The British Airtours Boeing 737 jet with 131 passengers aboard was hurtling down a runway at Manchester’s Ringway Airport, bound for a holiday in the sun on the Greek island of Corfu. Then, as the aircraft began liftoff, the port-wing engine exploded, setting the plane on fire. Within seconds the entire cabin had turned into a raging inferno, with temperatures soaring to 500°C. As pilot Peter Terrington aborted the takeoff and directed the plane to the airport’s fire station, hysterical passengers rushed frantically for emergency exits. Fifty-four people died. “It was like being in hell,” said survivor Keith Middleton. “Everyone was screaming and shouting and trampling over everything and anybody to get out.” With the plane’s fuselage engulfed by the intense heat, smoke and flames filled the cabin instantly, trapping the victims, including two flight attendants. “They didn’t stand a chance,” said Mike Mather, 21, another survivor. “The aisles of those planes are so small. People were falling on top of each other trying to get out.” The 737, which has a good safety record, incinerated in less than one minute. Said William Tench, a former government crash investigator: “I’ve never come across a fire that happened so quickly, so viciously.”
The cause of last week’s accident, the 15th in commercial aviation this year, was not immediately clear. But investigators concentrated on the possibility of a flaw in the aircraft’s Pratt & Whitney JT8D-15 engines. Initial findings indicated that a piece of the combustion chamber had broken loose, severing the fuel lines and soaking the plane in jet fuel. In a similar incident last May another Boeing 737 aborted its takeoff from Doha airport in Qatar on the Persian Gulf. Officials from the U.S. National Transportation Safety Board later found that an engine fragment had pierced a fuel tank, setting the engines on fire. There were no casualties, but the board recommended that Pratt & Whitney engines be tested for defects.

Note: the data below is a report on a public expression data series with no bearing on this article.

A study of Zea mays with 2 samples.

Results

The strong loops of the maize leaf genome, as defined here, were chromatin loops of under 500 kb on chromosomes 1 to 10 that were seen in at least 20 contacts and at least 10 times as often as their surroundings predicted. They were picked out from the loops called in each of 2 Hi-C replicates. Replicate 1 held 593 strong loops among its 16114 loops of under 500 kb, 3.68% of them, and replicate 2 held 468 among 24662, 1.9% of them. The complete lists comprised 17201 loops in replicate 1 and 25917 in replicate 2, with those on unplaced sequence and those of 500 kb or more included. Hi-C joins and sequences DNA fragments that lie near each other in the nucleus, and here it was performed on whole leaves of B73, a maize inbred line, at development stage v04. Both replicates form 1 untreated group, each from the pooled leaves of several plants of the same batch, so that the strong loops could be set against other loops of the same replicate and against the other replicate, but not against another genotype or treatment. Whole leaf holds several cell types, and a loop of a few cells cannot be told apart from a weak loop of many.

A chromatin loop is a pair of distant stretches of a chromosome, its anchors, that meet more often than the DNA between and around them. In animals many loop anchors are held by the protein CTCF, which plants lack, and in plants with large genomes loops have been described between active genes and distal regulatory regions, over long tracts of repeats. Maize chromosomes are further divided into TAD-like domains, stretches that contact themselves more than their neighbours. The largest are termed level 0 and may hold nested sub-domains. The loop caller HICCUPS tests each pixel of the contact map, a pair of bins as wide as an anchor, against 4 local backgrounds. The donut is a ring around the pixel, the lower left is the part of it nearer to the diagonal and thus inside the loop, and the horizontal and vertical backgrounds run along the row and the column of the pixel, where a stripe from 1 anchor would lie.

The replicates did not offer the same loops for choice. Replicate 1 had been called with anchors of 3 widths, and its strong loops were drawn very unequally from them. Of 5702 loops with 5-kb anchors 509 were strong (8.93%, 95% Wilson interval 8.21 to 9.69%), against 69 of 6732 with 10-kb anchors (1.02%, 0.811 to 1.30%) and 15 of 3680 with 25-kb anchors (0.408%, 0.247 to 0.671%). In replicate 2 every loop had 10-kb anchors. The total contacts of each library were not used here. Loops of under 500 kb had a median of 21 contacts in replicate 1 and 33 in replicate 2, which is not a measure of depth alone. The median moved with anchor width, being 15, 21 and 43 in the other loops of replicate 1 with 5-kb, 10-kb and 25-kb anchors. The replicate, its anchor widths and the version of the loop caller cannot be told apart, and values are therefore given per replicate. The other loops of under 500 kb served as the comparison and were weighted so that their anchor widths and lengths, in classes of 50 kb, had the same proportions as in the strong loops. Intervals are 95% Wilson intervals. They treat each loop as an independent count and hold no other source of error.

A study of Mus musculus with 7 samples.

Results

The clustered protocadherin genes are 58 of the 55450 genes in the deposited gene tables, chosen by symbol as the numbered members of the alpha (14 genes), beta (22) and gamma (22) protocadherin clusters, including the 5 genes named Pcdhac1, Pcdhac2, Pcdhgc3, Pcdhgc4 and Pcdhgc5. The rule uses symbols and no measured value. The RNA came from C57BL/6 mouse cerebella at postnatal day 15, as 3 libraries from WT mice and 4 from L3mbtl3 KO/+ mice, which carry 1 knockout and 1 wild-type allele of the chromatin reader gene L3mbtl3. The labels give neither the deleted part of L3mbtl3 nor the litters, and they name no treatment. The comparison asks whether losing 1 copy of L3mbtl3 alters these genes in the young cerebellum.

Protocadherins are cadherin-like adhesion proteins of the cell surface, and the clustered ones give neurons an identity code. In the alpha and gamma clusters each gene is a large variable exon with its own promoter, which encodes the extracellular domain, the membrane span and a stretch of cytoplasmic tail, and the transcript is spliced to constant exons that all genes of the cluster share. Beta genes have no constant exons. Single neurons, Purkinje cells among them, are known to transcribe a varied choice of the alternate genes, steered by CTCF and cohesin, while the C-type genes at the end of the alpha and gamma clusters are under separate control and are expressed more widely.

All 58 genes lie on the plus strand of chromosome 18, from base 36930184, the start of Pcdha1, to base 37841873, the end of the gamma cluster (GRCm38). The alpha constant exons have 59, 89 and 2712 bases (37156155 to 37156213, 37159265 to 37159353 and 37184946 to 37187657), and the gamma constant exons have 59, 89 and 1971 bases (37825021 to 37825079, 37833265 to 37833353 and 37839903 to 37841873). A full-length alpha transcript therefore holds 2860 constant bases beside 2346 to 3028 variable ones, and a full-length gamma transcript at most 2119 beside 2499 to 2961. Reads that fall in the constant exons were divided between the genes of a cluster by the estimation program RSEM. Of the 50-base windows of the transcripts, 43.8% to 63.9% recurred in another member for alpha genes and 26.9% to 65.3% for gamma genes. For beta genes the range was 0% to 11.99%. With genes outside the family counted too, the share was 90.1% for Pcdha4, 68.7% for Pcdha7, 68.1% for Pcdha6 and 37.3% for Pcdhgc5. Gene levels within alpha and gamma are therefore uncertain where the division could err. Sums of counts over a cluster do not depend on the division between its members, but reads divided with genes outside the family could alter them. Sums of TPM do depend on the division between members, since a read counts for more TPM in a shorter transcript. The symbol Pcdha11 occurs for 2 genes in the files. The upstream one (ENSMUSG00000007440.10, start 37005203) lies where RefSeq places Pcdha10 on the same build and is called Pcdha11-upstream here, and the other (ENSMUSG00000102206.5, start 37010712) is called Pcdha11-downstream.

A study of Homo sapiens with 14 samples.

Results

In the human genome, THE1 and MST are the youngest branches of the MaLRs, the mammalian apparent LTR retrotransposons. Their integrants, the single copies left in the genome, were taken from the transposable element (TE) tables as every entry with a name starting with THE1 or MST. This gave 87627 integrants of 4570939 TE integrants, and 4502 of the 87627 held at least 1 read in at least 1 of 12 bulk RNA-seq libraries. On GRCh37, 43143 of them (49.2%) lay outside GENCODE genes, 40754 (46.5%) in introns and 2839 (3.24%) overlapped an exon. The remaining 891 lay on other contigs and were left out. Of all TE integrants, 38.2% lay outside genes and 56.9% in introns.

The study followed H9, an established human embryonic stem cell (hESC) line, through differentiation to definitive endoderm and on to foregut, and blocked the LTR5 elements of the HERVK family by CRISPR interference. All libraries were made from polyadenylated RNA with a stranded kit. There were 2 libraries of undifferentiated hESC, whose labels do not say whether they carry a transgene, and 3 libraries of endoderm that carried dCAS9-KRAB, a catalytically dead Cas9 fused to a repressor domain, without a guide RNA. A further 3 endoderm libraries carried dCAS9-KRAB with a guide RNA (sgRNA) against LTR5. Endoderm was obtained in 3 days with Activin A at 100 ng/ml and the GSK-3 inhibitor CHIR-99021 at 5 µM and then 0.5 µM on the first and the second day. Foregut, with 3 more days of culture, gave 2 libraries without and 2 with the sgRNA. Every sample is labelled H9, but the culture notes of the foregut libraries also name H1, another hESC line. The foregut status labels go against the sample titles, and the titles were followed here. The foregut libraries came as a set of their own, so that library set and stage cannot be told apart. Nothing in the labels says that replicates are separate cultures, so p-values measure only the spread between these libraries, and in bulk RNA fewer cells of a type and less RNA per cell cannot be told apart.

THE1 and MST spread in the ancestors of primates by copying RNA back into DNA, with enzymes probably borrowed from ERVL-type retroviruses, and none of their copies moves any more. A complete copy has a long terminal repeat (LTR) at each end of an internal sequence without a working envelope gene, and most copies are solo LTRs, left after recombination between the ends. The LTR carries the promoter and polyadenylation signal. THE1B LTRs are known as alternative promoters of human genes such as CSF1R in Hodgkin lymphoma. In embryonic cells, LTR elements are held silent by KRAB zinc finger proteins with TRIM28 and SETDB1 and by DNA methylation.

The British Airtours fire, the worst airline disaster in Britain in 13 years, was the latest in a series that has made 1985 the worst year in the history of civil aviation: 1,400 people have been killed. Last month a Japan Air Lines 747 carrying 524 passengers and crew from Tokyo to Osaka plunged into a mountainside. There were only four survivors. In June an Air-India 747 flying from Toronto to Bombay crashed into the Atlantic, killing all 329 aboard. Investigators have so
far failed to find the cause of either accident. Still, flying remains the safest of all means of travel.
In Japan transport ministry officials last week reconstructed the chain of events that forced the JAL jet to lose
navigational power. Thirteen minutes out of Tokyo’s Haneda airport, as it flew over the Izu peninsula, the plane’s tail fin—or vertical stabilizer—disintegrated, and hydraulic fluid pipes running through it were sev_
ered. Without the hydraulic system the pilot could not control the plane. As a result, the back of the aircraft began to shake violently, rupturing the rear pressure bulkhead and causing a rapid loss of pressure in the cabin—and the white smoke of water vapor that the four survivors remembered seeing. Investigators said that very strong winds or turbulence might have caused the tail fin to snap off. But they conceded that they had no definitive explanation for the primary cause of the crash.
At the same time, Canadian law enforcement authorities continued their quest for the cause of the June 23 AirIndia crash. It was assumed that the 747 jumbo jet was destroyed by a bomb, possibly planted by Sikh extremists in
Vancouver. But some Sikhs said that Indian government agents planted the explosive to discredit separatist Sikhs who want an independent state in India. Meanwhile, as the world’s airline car-
_ riers began inspections of
their fleets, industry spokesmen insisted that the recent disasters did not signal a decline in air safety. In fact, Eugene Sochor, a spokesman for the Montreal-based International Civil Aviation Organization, insisted that despite this year’s record the long-term trend of air fatalities had actually decreased in recent years. The odds of a fatal crash, Sochor said, remained one in 500,000 flights.